The Washington Post

Here’s how The Washington Post covered Tiananmen Square in 1989

In 1989, the Chinese military descended on Tiananmen Square and moved to end pro-democracy demonstrations. The event, which resulted in several hundred to several thousand dead, is considered one of the most brutal crackdowns in modern history. At the height of the protests, which were sparked by the death of a Communist Party leader who wanted reform, at least a million people were estimated to have participated in the demonstrations.  Here is a look back at the Tiananmen Square massacre through the pages of The Washington Post.

May 20: Students defy martial law orders

"[T]he government today declared martial law 'in certain areas' of the capital to meet the growing defiance by Chinese citizens. Martial law provisions included a ban on demonstrations, and restrictions on the movements of Chinese citizens and the activities of foreign journalists."

June 3: Troops are blocked for a second time

Although 200,000 troops surrounded Tiananmen Square, citizens were able to stop them from entering. "The citizens shouted 'Go home,' and called on people in the area to join them in opposition to the troops. The troops continued to press forward but were channeled into the left-hand side of the street, when a mass of people now numbering more than 1,000 stopped the soldiers in their tracks. The troops then seemed to give up."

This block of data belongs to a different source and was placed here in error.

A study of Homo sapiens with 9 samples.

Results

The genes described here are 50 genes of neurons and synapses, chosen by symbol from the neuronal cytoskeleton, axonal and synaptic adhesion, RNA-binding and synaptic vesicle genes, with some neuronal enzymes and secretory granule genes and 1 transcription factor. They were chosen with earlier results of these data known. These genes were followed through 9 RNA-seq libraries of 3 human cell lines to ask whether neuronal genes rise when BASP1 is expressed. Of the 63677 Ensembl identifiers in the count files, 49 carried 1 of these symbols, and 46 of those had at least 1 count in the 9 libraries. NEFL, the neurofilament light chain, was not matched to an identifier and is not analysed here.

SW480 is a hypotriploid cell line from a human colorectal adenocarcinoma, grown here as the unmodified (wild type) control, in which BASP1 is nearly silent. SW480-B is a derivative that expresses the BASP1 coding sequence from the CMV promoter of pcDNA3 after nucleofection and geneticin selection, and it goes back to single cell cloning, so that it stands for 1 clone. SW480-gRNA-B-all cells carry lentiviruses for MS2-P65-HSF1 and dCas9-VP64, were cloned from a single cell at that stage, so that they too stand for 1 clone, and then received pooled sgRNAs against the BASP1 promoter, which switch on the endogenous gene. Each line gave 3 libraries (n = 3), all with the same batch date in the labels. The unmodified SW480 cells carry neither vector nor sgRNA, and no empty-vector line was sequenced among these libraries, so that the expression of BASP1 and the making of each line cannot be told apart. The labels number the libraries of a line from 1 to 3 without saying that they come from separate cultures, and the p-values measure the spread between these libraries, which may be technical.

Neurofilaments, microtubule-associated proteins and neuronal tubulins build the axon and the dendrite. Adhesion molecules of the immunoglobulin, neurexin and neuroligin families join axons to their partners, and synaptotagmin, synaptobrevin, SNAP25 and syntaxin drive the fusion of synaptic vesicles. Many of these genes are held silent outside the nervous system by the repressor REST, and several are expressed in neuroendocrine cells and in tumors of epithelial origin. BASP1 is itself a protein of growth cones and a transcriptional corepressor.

June 3: Frightened students worry about what comes next

After troops were blocked from entering the square twice, concerned students and media contemplate the military's next move. Staff writer Jay Mathews poses a simple question: "Would they come?"


June 4: The massacre

Here is the front page, leading with staff reporter Daniel Southerland's coverage.


June 4: The legacy of Tiananmen Square

The front of The Post's Outlook section: "'There's been nothing like it in human history,'CBS's Charles Kuralt proclaimed on Sunday morning."

June 5: Death in Tiananmen


June 6: An infamous photo is born

July 1: An avenue full of corpses

Shen Tong became the first Chinese student to speak publicly about the massacre. He told reporters: "People around me were being shot because they could not believe the army was shooting at them, so they did not move."


Note: This post was originally published on June 3, 2014. 

Swati Sharma is a digital editor for World and National Security and previously worked at the Boston Globe.